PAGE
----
Organic Cotton Fills A Niche

Want to grow $1/lb or more cotton? Just manage your crop more intensely - and don't apply an ounce of synthetic insecticide, herbicide or fertilizer.

Farfetched? Not for Jimmy Wedel. Organic cotton has become his No. 1 cash crop. And his yields only suffer by a half-bale or less per acre on his irrigated farm near Muleshoe, TX.

In his sixth year of growing organic cotton, Wedel has 600 acres of it.

"From '93 to '96, I received from 80 cents to $1.07/lb for it," he reports. "Our '97 price was 90 cents to $1 - up to 40 cents higher than spot prices."

Wedel helped develop an organic cotton marketing co-op in '93. Headquartered in O'Donnell, TX, south of Lubbock, it has about 30 growers who produce most of Texas' 5,000 organic bales.

"There are about 10,000 organic bales produced nationwide," says Wedel, quick to point out that he has no qualms with "normal" cotton production.

"I still have some conventional cotton," he says. "The problem I have with it is the low price we often see. There is a small group of consumers willing to pay a higher price for clothing, food and other products produced from organic commodities. That's a niche we're helping fill."

Certified chemical-free, Wedel's cotton is grown in the Texas Department of Agriculture Organic Certified Program.

"There can be no synthetically manufactured pesticides, herbicides or fertilizers applied to land three years prior to the first organic harvest," says Wedel.

Ag department personnel do periodic on-site soil testing to help guarantee certification.

"We must maintain a 50' border from fields that receive chemical applications. Ginning must be done at a certified gin, meaning it must be cleaned of conventional cotton prior to processing organic."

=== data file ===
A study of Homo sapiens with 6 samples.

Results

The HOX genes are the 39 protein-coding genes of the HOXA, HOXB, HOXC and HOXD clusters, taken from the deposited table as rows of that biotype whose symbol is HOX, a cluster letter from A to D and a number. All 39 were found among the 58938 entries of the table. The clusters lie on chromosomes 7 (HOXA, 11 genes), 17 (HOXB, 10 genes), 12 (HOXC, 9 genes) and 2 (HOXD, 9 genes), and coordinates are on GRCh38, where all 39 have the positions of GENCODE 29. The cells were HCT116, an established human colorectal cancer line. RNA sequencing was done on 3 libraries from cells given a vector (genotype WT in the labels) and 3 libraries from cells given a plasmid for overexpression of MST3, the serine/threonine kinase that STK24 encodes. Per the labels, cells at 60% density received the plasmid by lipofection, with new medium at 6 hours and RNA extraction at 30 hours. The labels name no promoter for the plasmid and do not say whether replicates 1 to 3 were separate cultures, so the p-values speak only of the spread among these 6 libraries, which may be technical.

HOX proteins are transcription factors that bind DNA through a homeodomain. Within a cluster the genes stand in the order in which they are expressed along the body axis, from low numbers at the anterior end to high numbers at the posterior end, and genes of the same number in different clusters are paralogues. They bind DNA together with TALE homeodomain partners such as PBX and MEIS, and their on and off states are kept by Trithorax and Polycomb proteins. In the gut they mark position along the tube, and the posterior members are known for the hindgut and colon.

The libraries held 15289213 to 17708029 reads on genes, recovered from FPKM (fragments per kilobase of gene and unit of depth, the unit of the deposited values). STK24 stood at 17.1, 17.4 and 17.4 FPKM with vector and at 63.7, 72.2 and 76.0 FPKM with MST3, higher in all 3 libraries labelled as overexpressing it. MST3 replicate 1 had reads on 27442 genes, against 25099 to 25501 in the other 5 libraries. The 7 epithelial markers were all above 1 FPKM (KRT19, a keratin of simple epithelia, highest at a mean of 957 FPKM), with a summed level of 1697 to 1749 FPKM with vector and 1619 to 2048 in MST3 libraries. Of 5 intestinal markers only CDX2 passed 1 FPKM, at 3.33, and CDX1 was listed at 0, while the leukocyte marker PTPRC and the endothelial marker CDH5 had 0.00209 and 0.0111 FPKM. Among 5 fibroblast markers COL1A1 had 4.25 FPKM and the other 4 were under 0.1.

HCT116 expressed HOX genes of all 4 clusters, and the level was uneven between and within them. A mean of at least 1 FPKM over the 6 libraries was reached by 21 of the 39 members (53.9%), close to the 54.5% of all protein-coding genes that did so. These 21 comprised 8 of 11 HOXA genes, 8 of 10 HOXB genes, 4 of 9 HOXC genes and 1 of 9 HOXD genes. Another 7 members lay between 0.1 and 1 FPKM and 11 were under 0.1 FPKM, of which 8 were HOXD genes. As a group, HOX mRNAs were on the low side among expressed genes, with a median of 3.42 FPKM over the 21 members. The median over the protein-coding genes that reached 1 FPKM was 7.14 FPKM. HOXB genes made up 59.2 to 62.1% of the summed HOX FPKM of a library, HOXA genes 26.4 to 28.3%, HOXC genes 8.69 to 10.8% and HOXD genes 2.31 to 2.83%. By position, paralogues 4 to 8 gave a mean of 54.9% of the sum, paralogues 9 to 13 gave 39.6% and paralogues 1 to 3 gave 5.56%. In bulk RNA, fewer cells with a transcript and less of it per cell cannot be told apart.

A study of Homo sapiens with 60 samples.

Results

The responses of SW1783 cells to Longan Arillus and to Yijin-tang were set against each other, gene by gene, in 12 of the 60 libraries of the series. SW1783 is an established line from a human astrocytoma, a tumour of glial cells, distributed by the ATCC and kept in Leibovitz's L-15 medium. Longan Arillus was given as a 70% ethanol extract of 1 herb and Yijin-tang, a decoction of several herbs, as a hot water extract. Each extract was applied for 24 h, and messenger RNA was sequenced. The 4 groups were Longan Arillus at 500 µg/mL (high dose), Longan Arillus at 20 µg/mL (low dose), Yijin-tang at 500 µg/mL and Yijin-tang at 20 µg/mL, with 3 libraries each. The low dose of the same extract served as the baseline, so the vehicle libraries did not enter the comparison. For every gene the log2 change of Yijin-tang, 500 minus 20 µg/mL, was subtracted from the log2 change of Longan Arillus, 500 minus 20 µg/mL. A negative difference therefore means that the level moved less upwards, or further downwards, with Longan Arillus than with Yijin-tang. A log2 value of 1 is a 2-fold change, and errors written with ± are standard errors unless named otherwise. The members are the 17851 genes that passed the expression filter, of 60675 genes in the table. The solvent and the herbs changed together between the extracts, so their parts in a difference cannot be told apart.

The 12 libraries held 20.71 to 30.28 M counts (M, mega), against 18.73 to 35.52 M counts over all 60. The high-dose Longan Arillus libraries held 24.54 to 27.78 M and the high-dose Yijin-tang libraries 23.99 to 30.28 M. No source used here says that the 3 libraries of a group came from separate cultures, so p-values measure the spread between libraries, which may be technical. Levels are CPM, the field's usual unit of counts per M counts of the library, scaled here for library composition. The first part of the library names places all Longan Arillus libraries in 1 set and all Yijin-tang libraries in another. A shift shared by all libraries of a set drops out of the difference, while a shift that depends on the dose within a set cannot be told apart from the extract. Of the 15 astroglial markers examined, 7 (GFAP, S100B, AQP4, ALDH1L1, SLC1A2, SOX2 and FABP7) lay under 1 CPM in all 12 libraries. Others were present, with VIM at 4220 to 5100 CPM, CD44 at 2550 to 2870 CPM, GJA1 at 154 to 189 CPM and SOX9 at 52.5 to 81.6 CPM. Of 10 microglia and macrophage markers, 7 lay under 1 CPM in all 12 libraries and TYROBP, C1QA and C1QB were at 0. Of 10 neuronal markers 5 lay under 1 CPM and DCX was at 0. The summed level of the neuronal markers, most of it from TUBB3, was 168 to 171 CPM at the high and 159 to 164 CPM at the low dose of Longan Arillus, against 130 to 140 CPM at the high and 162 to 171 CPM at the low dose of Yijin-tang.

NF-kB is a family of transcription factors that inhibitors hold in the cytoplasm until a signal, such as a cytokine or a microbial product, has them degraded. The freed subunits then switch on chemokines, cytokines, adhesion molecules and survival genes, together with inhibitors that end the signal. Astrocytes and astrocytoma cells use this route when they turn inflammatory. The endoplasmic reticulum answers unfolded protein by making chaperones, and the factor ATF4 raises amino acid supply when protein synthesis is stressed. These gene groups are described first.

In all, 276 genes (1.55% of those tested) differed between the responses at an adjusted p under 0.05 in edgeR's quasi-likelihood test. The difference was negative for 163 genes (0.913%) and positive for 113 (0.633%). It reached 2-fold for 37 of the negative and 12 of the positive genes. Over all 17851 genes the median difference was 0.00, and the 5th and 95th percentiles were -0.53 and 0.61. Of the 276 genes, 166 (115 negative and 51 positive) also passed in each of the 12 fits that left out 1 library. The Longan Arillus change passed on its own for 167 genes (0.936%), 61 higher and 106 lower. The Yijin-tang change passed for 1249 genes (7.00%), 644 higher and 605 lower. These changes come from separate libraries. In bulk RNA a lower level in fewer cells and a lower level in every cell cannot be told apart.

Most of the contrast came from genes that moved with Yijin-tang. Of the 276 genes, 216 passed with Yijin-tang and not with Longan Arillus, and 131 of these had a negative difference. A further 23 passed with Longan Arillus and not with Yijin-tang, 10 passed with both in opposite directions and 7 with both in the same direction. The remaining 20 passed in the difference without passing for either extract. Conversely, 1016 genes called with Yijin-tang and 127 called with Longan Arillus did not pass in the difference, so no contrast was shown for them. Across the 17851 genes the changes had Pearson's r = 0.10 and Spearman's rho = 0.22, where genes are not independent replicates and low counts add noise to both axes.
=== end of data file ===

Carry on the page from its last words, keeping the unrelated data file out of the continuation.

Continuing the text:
For fertilizer, he applies manure he gets from nearby cattle feed yards.

"Soil fertility is comparable to what we receive from conventional fertilizers," he says.

For weeds, it's strictly cultivating and hand labor. He uses a spring cultivator to weed the 30"-row operation. And after irrigating or a rain, he immediately runs a double rotary hoe.

"This is where intense management is essential," he says. "Every time it rains, you have to run the rotary hoe when the crop is young. To compensate for thinning caused by rotary hoeing, we push for a higher plant population. We plant 37 lbs of seed/acre instead of a normal 27 lbs."

Hand hoeing, depending on the amount of precipitation received, is often his biggest expense.

"Our hoeing bill will run from $20 to $90/acre," says Wedel. "But we're also saving about $60/acre we would spend on three to five herbicide applications."

Insects are what make organic cotton difficult over much of the nation's cotton areas. With no pesticides, bugs are plentiful. Wedel counts on his region's normally cold Panhandle winters to help keep insect populations thinned. But the winter of '98 was mild, so he was worried about thrip damage to early plants.

"In these cases, you have to count on a possible yield reduction and figure it into your program," he says. "In fields where we normally yielded 2 to 2 1/2 bales/acre, we've seen a reduction of about 200 lbs (or about 1/2 bale)."

Boll weevils, which are causing some problems for the region 50 to 100 miles south of him, could harm Wedel's organic program. If they invade his area, a farmer vote could call for an area-wide pesticide program.

"We won't stand in the way of a weevil eradication program," he says. "We just hope we won't need one."

He would be forced to sell the organic cotton on the normal market, which can also be the case if state inspectors say an organic field receives too much pesticide drift.

Wedel says no genetically engineered cottons may be grown in an organic program, but growers may plant treated seed "if that's all that's available."

The cotton is sold via several buyers. Most is milled in Eastern textile facilities.

"Depending on the supply of organic, there is also a growing market for 'transitional cotton' grown on fields in their first year of being chemical-free," notes Wedel. "The market is close to $1/lb for transitional."

Since he rotates cotton with corn, wheat and peanuts, Wedel has no choice but to grow those crops chemical-free.

"Our corn yields about 15% less than normal," he says. He has corn contracted with a regional mill that produces organic-type meal, flour and other products.

"I feel there will always be good markets for organic cotton and food products," he says, pointing out that organic soybeans bring $13-15/bu.

"A certain segment of the population will always want chemical-free food and fiber products," Wedel declares.